The EU's smallest member country, with a population of under half a million, Luxembourg nevertheless has by far the bloc's highest per capita emissions, partly because of its large steel industry but also because its tax regime stimulates huge sales of petrol and diesel. Uniquely in the EU, transport accounts for nearly half of Luxembourg's greenhouse gas emissions, 60-70% of which cannot be attributed to the national car fleet.
Under the EU's burden sharing arrangement for complying with the Kyoto protocol, Luxembourg is committed to a 28% cut in its greenhouse gas emissions from 1990 levels by 2008-2012. The strategy notes that they actually fell by 32.6% to 1998, largely due to a restructuring of its important steel industry. But it warns that emissions are projected to rise once more to 23% below 1990 levels by 2010, so putting the target at risk.
A key measure proposed to counter this trend is an already planned 350MW gas-fired power station, which the ministry says would meet 40% of Luxembourg's electricity demand with lower greenhouse gas emissions. The ministry proposes meeting a further 10% of electricity demand from renewable sources, compared with just 2% in 1997. Greenpeace's Luxembourg office yesterday attacked the power station plan saying a smaller unit plus several local cogeneration plants would release nearly 300,000 tonnes less carbon dioxide.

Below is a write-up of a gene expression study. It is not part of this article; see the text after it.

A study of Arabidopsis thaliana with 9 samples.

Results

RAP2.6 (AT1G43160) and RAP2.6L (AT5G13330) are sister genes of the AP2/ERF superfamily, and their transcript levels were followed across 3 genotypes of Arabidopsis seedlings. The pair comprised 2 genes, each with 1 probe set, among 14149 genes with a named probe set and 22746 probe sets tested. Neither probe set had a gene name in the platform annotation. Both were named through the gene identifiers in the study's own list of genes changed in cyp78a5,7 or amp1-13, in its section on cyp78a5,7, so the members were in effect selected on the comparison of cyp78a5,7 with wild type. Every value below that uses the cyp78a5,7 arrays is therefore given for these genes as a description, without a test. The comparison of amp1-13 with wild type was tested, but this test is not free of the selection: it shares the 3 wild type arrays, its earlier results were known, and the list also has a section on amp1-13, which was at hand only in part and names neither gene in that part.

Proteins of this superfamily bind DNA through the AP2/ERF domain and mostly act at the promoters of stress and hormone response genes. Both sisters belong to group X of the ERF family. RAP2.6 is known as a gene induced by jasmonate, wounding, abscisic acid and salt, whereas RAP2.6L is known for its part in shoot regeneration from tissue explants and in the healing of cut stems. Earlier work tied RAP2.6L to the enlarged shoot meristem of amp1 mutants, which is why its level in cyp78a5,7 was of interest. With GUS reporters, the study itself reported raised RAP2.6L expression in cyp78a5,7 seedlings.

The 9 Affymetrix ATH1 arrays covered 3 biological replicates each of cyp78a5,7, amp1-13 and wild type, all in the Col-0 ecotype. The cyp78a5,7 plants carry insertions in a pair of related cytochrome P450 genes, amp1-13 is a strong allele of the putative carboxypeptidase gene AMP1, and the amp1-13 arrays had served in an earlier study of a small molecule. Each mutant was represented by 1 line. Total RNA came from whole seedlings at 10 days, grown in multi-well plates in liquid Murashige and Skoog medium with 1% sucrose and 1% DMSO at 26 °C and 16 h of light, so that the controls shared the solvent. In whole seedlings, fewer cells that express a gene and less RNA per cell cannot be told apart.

Several new tax initiatives aimed at encouraging lower emissions are also proposed by the ministry, including a new electricity tax on the "Danish model" foreseen under a law to liberalise Luxembourg's electricity market. The strategy also proposes introducing greater fuel tax differentiation to encourage biofuels and natural gas, plus differentiation of vehicle taxes depending fuel consumption and motor size.
Other measures in the strategy include promotion of cogeneration in industrial and residential settings, extension of Luxembourg's natural gas supply network, improvements in building energy efficiency, and encouragement to consumers to turn off electrical appliances rather than leaving them on stand-by.